Evolutionary Consequences of Niche Construction and Their Implications for Ecology


K N Laland et al. Proc Natl Acad Sci U S A.

Abstract

Organisms regularly modify local resource distributions, influencing both their ecosystems and the evolution of traits whose fitness depends on such alterable sources of natural selection in environments. We call these processes niche construction. We explore the evolutionary consequences of niche construction using a two-locus population genetic model, which extends earlier analyses by allowing resource distributions to be influenced both by niche construction and by independent processes of renewal and depletion. The analysis confirms that niche construction can be a potent evolutionary agent by generating selection that leads to the fixation of otherwise deleterious alleles, supporting stable polymorphisms where none are expected, eliminating what would otherwise be stable polymorphisms, and generating unusual evolutionary dynamics. Even small amounts of niche construction, or niche construction that only weakly affects resource dynamics, can significantly alter both ecological and evolutionary patterns.

Figures

Figure 1
Figure 1
(a) Positive niche construction, independent renewal, and no external selection (Rt = λ1Rt−1 + λ2pt + λ3, γ = 0, α1 = β1 = α2 = β2 = 1, r = 1/2, n = 1). Here, the only selection is that generated by the resource. The arrows represent the trajectories of a population, the heavy line represents stable equilibria, and the dashed line represents unstable equilibria. The direction of selection generated by the resource switches at R = 1/2. In bd, with independent renewal and external selection favouring allele A, niche construction generates selection that may oppose the external selection, taking populations to alternative equilibria and generating polymorphisms. b and c show positive niche construction (Rt = λ1Rt−1 + λ2pt + λ3, γ = 0), with weak selection (α1 = β1 = 1, α2 = 1.01, β2 = 0.99, r = 1/2) (b), and strong selection (α1 = β1 = 1, α2 = 1.1, β2 = 0.9, r = 1/2) (c). d shows negative niche construction, independent renewal, and external selection favoring allele A (Rt = λ1Rt−1(1 − γpt) + λ3, λ2 = 0, α1 = β1 = 1, α2 = 1.1, β2 = 0.9, r = 1/2). When selection favors allele A and ɛ is negative, positive niche construction (γ = 0) (e) and negative niche construction (λ2 = 0) (f) generate polymorphisms (α1 = β1 = 1, α2 = 1.1, β2 = 0.9, r = 1/2).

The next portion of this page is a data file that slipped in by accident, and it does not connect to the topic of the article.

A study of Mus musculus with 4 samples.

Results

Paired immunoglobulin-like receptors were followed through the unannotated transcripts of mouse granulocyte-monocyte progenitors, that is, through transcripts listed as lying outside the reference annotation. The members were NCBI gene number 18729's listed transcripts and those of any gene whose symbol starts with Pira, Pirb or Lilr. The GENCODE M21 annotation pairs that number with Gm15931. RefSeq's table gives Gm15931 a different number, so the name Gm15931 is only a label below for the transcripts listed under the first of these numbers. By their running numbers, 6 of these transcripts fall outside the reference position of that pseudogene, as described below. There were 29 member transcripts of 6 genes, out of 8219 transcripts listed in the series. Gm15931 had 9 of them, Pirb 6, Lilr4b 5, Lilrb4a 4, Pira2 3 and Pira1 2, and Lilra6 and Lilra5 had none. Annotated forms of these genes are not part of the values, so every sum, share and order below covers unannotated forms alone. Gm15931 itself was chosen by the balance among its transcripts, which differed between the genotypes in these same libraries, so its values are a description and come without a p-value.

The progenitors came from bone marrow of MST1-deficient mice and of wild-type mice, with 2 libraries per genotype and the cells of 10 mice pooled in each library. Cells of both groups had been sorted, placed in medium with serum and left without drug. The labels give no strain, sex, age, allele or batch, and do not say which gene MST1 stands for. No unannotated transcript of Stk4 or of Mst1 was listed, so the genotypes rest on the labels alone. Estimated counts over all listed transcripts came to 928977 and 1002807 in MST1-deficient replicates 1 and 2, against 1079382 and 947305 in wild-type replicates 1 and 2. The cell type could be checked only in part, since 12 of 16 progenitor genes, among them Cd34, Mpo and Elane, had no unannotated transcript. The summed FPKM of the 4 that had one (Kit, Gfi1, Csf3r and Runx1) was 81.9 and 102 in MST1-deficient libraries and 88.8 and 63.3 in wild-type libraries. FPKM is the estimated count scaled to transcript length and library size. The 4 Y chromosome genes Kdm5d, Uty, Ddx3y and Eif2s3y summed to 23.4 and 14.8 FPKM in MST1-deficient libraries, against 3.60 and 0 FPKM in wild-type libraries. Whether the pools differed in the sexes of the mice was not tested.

Figure 2
Figure 2
Positive niche construction, independent renewal, and heterozygote advantage (Rt = λ1Rt−1 + λ2pt + λ3, γ = 0, α1 = α2 = 0.99, β1 = β2 = 0.9, r = 1/2, n = 1). Provided r is not very small, populations converge to a single equilibrium in linkage equilibrium, the position of which may be strongly affected by niche construction. The + represents the equilibrium in the absence of niche construction. By increasing R, niche construction changes the frequency-dependent component of genotype fitnesses, affecting the equilibrium frequency of allele A. In both a and b, without niche construction, allele a would be fixed, whereas in a, niche construction allows A and a to coexist, and in b, niche construction drives A to fixation.